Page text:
Barbara Kay: Wasted tax dollars on a values-void novel
National Post - Wednesday January 21st, 2015
Every year, as a recipient of the Governor-General’s award for best fiction in children’s literature, a lucky Canadian writer receives a $25,000 cash prize. This year Raziel Reid, creator of pop culture blog Blitz & Shitz on DailyXtra.com, won for his Young Adult novel, When Everything Feels like the Movies.
I’ve read the novel. What were they thinking? No, seriously, what were their criteria? If I were an awards committee member, I’d lean to a recognizably Canadian novel in which the protagonist’s struggles to emerge from conflict lead to self-knowledge and the promise of positive maturation. Knowing children tend to “read up” — younger children like books about older children — I’d reject works whose themes and language were inappropriate for the lowest age of their category (here 12-18).
That I wasn’t a committee member will be immediately apparent to anyone who peruses Reid’s novel.
When Everything Feels like the Movies is about a trans/queer teenager — Jude (or “Judy”) Rothesay — whose difference isolates him socially. But he has many other troubles besides. His mother is an alcoholic stripper, so absorbed in a mutually abusive, on-off relationship with her loutish partner that she has difficulty parenting Jude and his special-needs half-brother Keefer. His father is but a rare, fleeting presence.
The central motif of this memoir-style novel is the “mirror,” specifically movies, a kind of mirror that silvers over sordid reality with glamour and fame. Jude describes everything that happens to him in cinematic terms. His middle school is a movie set. “No one was real. Especially me. We were all just playing our parts.” His peers fall into one of three categories: “The Crew”— kids engaged in school life, who participate in sports and extracurricular activities; “The Extras” — “the misfits, outcasts and social rejects”; and “The Movie Stars,” who are phony, but attractive. As for Jude, “I didn’t fit into any category.” His role is “the flamer that lit the set on fire.” Life as movie begins as a clever trope, but after hundreds of references — “it wasn’t in the script,” “hoping there’d been a rewrite” — it wears thin.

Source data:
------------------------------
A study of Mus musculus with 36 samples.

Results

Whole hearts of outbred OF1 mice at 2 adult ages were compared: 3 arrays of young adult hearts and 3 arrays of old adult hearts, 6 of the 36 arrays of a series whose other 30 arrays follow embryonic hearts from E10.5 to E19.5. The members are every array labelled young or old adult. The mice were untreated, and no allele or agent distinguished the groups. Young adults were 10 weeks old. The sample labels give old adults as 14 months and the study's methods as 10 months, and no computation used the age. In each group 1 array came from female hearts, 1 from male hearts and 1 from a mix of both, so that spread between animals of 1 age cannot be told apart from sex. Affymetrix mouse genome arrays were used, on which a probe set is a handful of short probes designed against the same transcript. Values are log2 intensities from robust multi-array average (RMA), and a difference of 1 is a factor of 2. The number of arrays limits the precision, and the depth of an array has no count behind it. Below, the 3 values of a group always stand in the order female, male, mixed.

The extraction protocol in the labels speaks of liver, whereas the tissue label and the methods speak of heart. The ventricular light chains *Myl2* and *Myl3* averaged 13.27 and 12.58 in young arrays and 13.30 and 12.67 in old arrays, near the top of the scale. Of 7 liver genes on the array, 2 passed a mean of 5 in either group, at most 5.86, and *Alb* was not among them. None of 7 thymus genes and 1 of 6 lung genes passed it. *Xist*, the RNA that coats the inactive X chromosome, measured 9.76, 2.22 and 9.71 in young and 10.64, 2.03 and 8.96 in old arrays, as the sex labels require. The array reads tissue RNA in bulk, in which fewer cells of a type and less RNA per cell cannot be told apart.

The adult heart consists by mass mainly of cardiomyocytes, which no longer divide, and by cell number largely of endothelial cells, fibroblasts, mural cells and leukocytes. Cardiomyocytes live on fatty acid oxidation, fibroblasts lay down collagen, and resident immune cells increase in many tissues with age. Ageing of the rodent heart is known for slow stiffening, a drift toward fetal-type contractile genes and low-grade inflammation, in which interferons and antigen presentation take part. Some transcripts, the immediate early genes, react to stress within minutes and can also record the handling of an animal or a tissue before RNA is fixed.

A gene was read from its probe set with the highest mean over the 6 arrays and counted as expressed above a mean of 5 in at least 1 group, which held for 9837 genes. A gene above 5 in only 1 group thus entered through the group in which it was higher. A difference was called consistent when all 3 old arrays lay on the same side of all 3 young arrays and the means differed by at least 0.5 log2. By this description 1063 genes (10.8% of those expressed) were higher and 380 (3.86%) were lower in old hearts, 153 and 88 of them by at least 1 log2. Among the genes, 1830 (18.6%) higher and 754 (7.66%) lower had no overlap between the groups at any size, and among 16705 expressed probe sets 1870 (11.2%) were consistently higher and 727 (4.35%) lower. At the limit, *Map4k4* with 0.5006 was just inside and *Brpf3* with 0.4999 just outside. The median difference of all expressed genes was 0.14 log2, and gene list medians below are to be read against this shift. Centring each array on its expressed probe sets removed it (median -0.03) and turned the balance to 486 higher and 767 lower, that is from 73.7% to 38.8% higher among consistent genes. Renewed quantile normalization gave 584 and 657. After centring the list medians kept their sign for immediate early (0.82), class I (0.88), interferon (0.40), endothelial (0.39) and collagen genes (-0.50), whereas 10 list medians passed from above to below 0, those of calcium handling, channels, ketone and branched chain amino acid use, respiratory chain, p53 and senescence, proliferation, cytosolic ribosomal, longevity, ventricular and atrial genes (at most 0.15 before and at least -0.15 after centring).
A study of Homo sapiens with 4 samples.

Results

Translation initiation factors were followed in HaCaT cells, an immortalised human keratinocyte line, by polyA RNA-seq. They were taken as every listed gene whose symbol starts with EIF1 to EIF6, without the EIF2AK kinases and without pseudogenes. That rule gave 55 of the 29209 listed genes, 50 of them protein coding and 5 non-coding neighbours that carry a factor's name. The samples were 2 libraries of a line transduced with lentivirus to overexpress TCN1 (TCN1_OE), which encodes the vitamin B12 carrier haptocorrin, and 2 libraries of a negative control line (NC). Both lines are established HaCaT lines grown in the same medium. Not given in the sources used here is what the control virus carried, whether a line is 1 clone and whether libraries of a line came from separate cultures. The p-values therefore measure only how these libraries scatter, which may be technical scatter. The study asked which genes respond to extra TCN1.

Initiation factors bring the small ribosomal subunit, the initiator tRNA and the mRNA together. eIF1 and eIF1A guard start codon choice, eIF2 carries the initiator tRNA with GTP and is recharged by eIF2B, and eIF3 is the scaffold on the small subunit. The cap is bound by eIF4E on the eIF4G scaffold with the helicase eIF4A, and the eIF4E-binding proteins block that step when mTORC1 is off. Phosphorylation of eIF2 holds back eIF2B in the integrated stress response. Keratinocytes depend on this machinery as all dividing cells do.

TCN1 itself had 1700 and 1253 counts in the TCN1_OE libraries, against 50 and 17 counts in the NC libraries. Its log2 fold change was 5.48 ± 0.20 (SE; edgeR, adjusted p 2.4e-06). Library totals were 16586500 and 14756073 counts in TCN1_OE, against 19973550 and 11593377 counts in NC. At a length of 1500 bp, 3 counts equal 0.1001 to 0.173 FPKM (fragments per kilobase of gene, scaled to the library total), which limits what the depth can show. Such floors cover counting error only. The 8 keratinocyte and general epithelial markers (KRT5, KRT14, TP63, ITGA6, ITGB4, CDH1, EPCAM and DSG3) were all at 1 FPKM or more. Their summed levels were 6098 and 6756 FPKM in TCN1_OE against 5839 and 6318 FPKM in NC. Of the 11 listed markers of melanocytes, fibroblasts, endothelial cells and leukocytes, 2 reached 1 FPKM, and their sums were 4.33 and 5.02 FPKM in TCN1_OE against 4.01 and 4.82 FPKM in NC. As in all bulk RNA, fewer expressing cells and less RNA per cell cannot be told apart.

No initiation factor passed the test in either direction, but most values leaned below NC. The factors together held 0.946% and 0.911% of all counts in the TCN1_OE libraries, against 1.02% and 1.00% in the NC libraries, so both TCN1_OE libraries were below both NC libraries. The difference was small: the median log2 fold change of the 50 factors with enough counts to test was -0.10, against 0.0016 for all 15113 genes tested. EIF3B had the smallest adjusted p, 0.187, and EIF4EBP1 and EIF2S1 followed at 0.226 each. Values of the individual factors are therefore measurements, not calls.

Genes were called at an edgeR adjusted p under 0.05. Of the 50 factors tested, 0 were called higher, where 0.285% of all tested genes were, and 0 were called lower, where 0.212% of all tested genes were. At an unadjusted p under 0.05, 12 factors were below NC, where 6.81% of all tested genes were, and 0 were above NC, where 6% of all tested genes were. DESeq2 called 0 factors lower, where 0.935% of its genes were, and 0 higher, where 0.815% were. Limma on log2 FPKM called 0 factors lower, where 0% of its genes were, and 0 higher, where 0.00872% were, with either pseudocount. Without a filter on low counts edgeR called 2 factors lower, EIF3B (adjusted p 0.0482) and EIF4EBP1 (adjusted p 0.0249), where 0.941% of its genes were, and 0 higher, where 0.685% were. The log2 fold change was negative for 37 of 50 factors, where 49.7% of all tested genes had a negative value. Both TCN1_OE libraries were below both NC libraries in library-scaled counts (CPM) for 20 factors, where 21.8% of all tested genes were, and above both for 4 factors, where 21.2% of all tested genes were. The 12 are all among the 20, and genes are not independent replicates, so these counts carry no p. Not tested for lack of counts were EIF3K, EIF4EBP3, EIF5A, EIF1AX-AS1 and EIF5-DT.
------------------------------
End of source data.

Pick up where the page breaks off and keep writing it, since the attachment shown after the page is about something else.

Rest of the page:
Jude’s only friend is Angela, whose family life is equally dysfunctional. She has translated her misery into compulsive promiscuity, drugs and casual abortions. Jude savours Angela’s lubricious recaps of her sexual encounters, as he himself, though sexually obsessive, is still a virgin and hopelessly in love with Luke, who prefers girls. It is fair to say that Jude’s sexual yearnings, masturbating, fantasizing (disturbingly, including sex with his father) and voyeurism constitute the bulk of the narrative. Even descriptions of neutral attributes are sexualized. A kind, but overweight waitress’s neck folds “remind [me] of a vagina.” A girl’s red lipstick “made her lips look juicy, like she had just sucked on a tampon.” Anti-Christian images are thrown in gratuitously. Here is Angela on her abortion: “’I asked the doctor if he could suck out some fat when he took the fetus, and the nurse looked at me like I was masturbating with a crucifix.’” Jude’s first experience in anal penetration is graphically described. We’re not in Green Gables anymore, Toto.
Jude is a reverse Peter Pan: sexually adult, but socially infantile. His egoism is unapologetically absolute
Indeed, we’re not anywhere recognizable. Province? State? East? West? Jude’s town isn’t even named. As for moral growth, there is none. Jude begins and ends as a liar, a thief (steals from mom and the Salvation Army), a sex-teaser of strange men, a stalker, a masochist (he deliberately incites bullying episodes) and a narcissist. He claims to love and want to protect the innocent Keefer (there are wannabee Catcher in the Rye vibes here), but endangers him to satisfy a whim. He also claims to love Luke, but when spurned (not unkindly), Jude does him intentional harm.
Jude is a reverse Peter Pan: sexually adult, but socially infantile. His egoism is unapologetically absolute. When a teacher confides he and his wife are hoping to conceive a baby, Jude recoils: “But think about how horrible it’ll be to wake up every morning and think about someone else before you think about yourself” (which sounds like campy self-parody, but isn’t). Adult authority figures are portrayed as weak, incompetent or hypocritical. There is nobody to encourage Jude’s appreciation of a world outside the self.
The message I draw — and think young people will too — is that the “authentic” narcissism of queer/transgender identity exempts one from the obligation to mature. I’d not have wasted tax dollars on this values-void novel. So I must assume that the committee took a kind of sophisticated approach to their deliberations that I am too culturally superannuated and simplistic to appreciate.